Over the summer, we asked you for your views on the Government’s proposed changes to Working Together. Thank you to all who took some time to complete the survey. We heard from a wide range of practitioners covering ten different services in Devon. We have now submitted a collective response on behalf of the Devon Safeguarding Children Partnership.
Here is what you told us.
A Shared Endeavour
- There was agreement that the title of Working Together 2023 should be expanded to represent the importance of providing family help as well as protection from harm.
- You agreed with the principles for multi-agency working and practice with parents and carers. But some queried whether the principle of ‘Resourcing’ was realistic in the current context for local services.
- It was highlighted that the principle of ‘Mutual Challenge’ should also be about ‘Mutual Responsibility and Leadership’ where professionals work effectively together with shared intentions.
Multi-agency safeguarding arrangements
- The vast majority of respondents felt that the new guidance was right in seeking to strengthen the role of education settings and the voluntary and community sector in local safeguarding arrangements.
- Most of you felt that making Education the fourth statutory partner, alongside Police, Health, and Social Care, was the only way to secure the right level of collaboration. This is based on the critical role that education settings play in safeguarding children and the opportunities for problem-solving opportunities it would bring.
- However, there were concerns about resourcing any new arrangements and making sure education settings and the voluntary sector are appropriately and adequately supported to fully engage.
Help and support for children and families
- There was broad agreement and enthusiasm with the greater emphasis placed on whole-family working, the inclusion of online harms and missing from home and education, and reference to the benefits of Family Group Conferences.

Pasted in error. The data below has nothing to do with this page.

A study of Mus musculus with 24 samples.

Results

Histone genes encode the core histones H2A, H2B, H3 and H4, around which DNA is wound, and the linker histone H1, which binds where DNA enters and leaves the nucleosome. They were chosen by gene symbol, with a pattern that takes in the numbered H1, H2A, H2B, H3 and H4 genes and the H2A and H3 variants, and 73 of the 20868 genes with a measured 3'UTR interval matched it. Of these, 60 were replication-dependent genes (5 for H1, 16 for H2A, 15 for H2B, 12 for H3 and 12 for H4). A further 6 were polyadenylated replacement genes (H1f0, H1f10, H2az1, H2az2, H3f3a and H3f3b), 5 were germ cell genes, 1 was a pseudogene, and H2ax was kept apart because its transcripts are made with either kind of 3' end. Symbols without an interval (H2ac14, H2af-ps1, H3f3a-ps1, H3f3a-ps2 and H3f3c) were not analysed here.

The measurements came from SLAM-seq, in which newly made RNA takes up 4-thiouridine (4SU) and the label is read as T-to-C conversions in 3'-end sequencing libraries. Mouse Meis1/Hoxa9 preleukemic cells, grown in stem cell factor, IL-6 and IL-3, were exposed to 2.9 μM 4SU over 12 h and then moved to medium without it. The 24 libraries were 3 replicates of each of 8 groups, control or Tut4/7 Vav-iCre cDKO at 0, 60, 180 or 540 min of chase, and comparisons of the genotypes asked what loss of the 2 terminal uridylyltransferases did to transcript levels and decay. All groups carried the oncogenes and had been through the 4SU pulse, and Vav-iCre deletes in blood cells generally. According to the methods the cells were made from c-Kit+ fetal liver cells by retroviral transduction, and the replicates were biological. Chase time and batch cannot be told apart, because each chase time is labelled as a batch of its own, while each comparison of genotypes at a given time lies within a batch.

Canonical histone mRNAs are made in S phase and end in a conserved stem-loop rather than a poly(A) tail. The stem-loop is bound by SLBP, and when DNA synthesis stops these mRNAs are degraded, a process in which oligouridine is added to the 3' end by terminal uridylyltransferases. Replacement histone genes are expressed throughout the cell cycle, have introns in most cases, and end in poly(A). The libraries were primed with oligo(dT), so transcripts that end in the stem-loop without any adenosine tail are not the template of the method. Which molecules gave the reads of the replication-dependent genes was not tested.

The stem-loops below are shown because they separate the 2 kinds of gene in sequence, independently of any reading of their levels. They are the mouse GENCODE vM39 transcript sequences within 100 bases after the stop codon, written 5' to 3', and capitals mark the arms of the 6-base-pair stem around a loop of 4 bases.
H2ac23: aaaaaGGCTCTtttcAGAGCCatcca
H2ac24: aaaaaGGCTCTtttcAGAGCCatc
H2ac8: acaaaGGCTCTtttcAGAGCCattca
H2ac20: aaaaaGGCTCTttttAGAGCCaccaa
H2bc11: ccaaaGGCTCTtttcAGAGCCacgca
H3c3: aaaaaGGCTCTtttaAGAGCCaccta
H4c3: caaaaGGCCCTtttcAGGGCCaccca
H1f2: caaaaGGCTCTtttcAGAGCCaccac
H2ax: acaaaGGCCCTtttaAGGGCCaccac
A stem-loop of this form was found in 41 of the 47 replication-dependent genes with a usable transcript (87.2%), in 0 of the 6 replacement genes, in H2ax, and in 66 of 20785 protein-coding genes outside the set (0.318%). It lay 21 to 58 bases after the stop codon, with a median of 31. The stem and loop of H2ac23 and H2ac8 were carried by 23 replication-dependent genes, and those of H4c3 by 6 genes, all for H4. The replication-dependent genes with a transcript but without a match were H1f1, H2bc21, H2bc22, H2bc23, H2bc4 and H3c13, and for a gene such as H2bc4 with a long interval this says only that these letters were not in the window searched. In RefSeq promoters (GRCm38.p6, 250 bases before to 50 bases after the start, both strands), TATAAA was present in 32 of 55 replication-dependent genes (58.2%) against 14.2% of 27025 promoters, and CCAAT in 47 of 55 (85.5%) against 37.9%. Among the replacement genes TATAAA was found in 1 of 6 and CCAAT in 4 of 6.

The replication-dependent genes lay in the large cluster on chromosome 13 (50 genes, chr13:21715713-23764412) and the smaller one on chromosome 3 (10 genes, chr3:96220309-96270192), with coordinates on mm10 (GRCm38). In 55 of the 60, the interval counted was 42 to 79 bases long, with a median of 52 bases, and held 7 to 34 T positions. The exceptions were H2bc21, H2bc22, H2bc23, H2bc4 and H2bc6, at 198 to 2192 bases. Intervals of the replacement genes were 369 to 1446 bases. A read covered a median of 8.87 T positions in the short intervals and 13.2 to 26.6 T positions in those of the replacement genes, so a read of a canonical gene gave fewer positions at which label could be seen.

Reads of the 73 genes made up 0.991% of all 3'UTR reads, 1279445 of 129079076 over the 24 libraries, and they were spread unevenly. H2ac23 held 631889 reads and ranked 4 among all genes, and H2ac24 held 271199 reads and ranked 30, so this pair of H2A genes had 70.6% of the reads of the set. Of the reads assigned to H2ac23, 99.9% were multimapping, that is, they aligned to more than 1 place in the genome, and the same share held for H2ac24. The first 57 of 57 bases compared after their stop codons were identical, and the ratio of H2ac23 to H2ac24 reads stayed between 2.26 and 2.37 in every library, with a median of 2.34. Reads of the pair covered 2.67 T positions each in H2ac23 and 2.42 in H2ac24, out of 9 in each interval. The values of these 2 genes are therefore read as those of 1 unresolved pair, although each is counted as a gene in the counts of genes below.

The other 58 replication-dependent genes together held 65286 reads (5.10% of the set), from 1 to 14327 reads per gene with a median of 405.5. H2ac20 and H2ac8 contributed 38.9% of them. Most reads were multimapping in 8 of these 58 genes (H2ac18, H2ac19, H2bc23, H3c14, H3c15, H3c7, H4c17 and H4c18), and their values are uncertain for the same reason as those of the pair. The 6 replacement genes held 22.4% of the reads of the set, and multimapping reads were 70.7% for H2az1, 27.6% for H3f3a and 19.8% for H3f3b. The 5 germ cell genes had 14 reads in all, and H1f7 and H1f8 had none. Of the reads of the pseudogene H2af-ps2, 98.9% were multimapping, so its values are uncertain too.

- But the proposed changes to Section 17 (Child In Need) and flexibilities regarding who can be lead professional were met with a mixed response. 41% were supportive, with the rest either opposing or responding, ‘Don’t know’.
- Those who were supportive of the proposed change were still clear that the lead professional couldn’t just be anyone; the lead professional would need to be experienced, with a suitable level of training, guidance, and oversight.
- Concerns were raised about the changes putting unfair expectations on professionals who were not compensated, and the potential blurring of lines between therapeutic support and child protection work.
Decisive multi-agency child protection
- The proposed changes were felt to improve multi-agency child protection work, including taking greater account of harms outside the home.
- Some respondents commented on the importance of information-sharing between agencies for child protection work and hearing the voice of the child.
Please keep an eye for updates on Working Together 2023, both locally and nationally. We are expecting the publication of the final proposed guidance from the Department for Education before the end of the year. In the new year, we will be exploring locally what the changes mean for how we work together as a partnership and how they will be implemented.